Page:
Myth busters: Dental assistants and their role in the opioid crisis

Aug. 23, 2019
It's becoming well known among dental professionals that they are contributing to the opioid crisis. How can dental assistants play a role in changing patient dependence on these painkillers?

As a dental assistant, there is nothing I can do to help fight the war against opioids. Right? Wrong!

Dentists have commonly prescribed opioids to help with pain following tooth extractions and other procedures. Since 2016, more than 48,000 deaths have been attributed to substance overdoses related to opioids. Dentists have been identified as among the leading prescribers of opioids.1 So, what can you do? You’re just a dental assistant, right? Wrong again!

Here are the facts

It is estimated that more than two million Americans abuse prescription drugs. From 2001 to 2011, the number of people seeking treatment for prescription painkillers increased by five times. It is estimated that opioid overdoses are at a level now reaching proportions as high as the HIV epidemic did in the 1980s. Studies show that one in eight high school students report using prescription drugs for recreational use.1

Dental assistants spend more time with patients than with any other team members. We have the opportunity to learn more, listen better, and be more proactive when it comes to patient care. That certainly includes being at the forefront of the drug crisis.

Dentists make up approximately 12% of the opioid prescriptions written annually.2 Children can be introduced to opioids early, for example, when they have a wisdom tooth removed. Among adolescents, approximately half of their opioid prescriptions are written by dentists—including oral surgeons—which account for 31% of adolescents’ first exposure to opioids. America’s youth are impressionable, and evidence suggests that this introduction to opioids can lead to misuse and/or substance abuse just a short time after the drugs are prescribed.2 Dental practice teams typically do not offer risk screening or patient education when they prescribe opioids.

This is exactly where dental assistants come in! Aside from infection control, patient education is one of the most important things dental assistants do. It is critical that we understand the vital role we play in mitigating the risks associated with opioids. When dealing with young patients and while following the rules of HIPAA, we should do what we can to educate patients, and the parents of young patients, about the dangers of opioid misuse.

We know that some dental procedures cause significant discomfort in patients, usually after the numbness wears off. This often occurs after office hours. While prescribing opioids in dentistry is common, studies have shown that nonsteroidal, anti-inflammatory drugs (NSAIDs) are effective in managing pain, and these usually cause significantly fewer adverse side effects when compared with opioids. Research has shown that the combination of acetaminophen and ibuprofen taken at regular intervals has proven to be more effective than opioids.1 This practice has been adopted by my dental office and many other practices. It is important to explain this combination of drugs to your patients and why it is better than opioids.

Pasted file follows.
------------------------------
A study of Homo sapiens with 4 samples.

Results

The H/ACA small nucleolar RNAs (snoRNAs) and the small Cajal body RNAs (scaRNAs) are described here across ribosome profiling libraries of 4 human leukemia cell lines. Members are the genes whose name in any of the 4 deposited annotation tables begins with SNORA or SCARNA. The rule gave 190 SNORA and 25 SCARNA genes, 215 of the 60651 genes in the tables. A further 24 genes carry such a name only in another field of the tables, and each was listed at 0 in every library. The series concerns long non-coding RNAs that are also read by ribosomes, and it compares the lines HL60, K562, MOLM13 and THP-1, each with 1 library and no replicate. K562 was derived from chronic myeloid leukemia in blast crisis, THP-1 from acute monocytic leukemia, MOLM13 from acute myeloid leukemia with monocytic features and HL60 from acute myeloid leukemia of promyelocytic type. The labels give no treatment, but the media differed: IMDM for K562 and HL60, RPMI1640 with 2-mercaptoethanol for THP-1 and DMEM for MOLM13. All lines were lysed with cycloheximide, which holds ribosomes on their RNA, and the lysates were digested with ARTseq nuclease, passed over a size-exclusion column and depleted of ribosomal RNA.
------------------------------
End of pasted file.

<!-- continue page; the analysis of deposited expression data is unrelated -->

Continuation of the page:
Know your patients

It’s important to identify patients who may be at risk for misuse of medications. This is the responsibility of every health-care provider and should be part of patients’ complete medical histories, along with assessments of alcohol, tobacco, prescription medication, and illicit drug use, a history of current or chronic pain, and a history of mental health treatment.

Dental health-care providers are falling short when it comes to identifying patients at high risk of opioid misuse. While a written assessment is important, a verbal review of risk factors and health conditions associated with drug misuse and abuse can be conducted by any member of the dental team, and that includes dental assistants! Talk to your patients, and really listen to their answers. Watch for body language when you ask about substance abuse. Are they uneasy? Do you have a patient calling the office and asking for more? Even though patients must now have a written prescription, many will still call and ask. Documenting these calls is part of the assessment and a very important part of each patient’s record.

At least opioid abuse is now out in the open and something health-care professionals are talking about it, but that’s not enough. We have to do more to educate our patients and to help save their lives. This starts with you. If you know something, if you hear anything, or if you’re concerned about possible misuse, then be proactive. You have the responsibility to let your dentist know.

In the time it has taken you to read this, approximately four Americans have died of an opioid overdose. Now, let that sink in.


1. https://www.adea.org/policy/white-papers/preventing-opioid-prescription-drug-misuse.aspx

2. https://www.dentalcare.com/en-us/professional-education/ce-courses/ce560/introduction


It’s OK to carry my cell phone through the workday
Waterline contamination in dental offices
Acrylic or gel fingernails at work

Tija Hunter, CDA, EFDA, CDIA, MADAA, is the office manager and chairside assistant to Dr. Eric Hurtte of O’Fallon, Missouri. She is a member of the American Dental Assistants Association (ADAA), where she holds the honor of Master and sits on three national counsels. She is also the Illinois Dental Assistants Association vice president. She is founder of the Dental Assistants Study Club of St. Louis and St. Louis Dental Office Managers Study Club. She is the director of the Dental Careers Institute, with five locations in the US. Tija is also the author of six CE study courses. She is a national speaker and a certified trainer in nitrous oxide in several states. She can be reached at [email protected].